It’s not a surprise then that fake and unauthorized at-home testing kits are popping up online as scammers take advantage of the increase in demand.
In addition to wasting your money, fake tests increase your risk of unknowingly spreading covid-19 or not getting the correct treatment.
If you’re shopping online for covid test kits and related items, Colleen Tressler, attorney for the Federal Trade Commission’s Division of Consumer and Business Education, offers the following tips:
- Make sure the test you’re buying is authorized by the FDA. Check the FDA’s lists of antigen diagnostic tests and molecular diagnostic tests before you buy to find the tests authorized for home use. EUA is “emergency use authorization.”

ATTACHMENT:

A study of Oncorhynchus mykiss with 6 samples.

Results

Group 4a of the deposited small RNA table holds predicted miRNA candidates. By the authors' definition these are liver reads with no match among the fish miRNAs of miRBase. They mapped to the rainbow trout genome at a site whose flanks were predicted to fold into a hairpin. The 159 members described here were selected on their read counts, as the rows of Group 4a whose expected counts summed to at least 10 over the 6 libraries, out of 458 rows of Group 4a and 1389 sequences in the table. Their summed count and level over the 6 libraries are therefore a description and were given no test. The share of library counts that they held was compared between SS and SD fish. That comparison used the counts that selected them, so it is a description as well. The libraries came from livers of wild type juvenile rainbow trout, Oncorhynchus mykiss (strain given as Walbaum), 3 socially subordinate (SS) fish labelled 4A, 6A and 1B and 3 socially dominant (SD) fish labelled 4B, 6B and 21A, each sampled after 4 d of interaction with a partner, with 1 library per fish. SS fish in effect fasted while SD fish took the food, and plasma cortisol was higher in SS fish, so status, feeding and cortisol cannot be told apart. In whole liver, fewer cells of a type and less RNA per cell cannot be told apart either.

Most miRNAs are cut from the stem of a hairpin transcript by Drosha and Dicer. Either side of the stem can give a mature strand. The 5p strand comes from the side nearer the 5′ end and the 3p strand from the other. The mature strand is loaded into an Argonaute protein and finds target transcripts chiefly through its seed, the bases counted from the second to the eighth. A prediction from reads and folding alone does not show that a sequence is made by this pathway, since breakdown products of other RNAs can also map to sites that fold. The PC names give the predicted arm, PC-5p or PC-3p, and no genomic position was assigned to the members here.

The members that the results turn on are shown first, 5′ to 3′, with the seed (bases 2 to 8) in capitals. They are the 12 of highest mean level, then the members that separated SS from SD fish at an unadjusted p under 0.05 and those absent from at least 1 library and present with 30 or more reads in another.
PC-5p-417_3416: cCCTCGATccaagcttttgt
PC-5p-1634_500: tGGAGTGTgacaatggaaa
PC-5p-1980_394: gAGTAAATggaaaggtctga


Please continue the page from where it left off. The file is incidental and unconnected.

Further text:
- Check out a seller before you buy, especially if you’re buying from a site you don’t know. Search online for the website, company, or seller’s name plus words like “scam,” “complaint,” or “review.”
- Compare online reviews from a wide variety of websites. You can get a good idea about a company, product, or service from reading user reviews on various retail or shopping comparison sites. Think about the source of the review. Ask yourself: Where is this review coming from? Is it from an expert organization or individual customers?
- Pay by credit card. If you’re charged for an order you never got, or for a product that’s not as advertised, contact your credit card company and dispute the charge.
If you suspect a scam seller or bogus test, let the FTC know at ReportFraud.ftc.gov and your state Attorney General’s Office.
To learn more about covid-related scams, see ftc.gov/coronavirus/scams.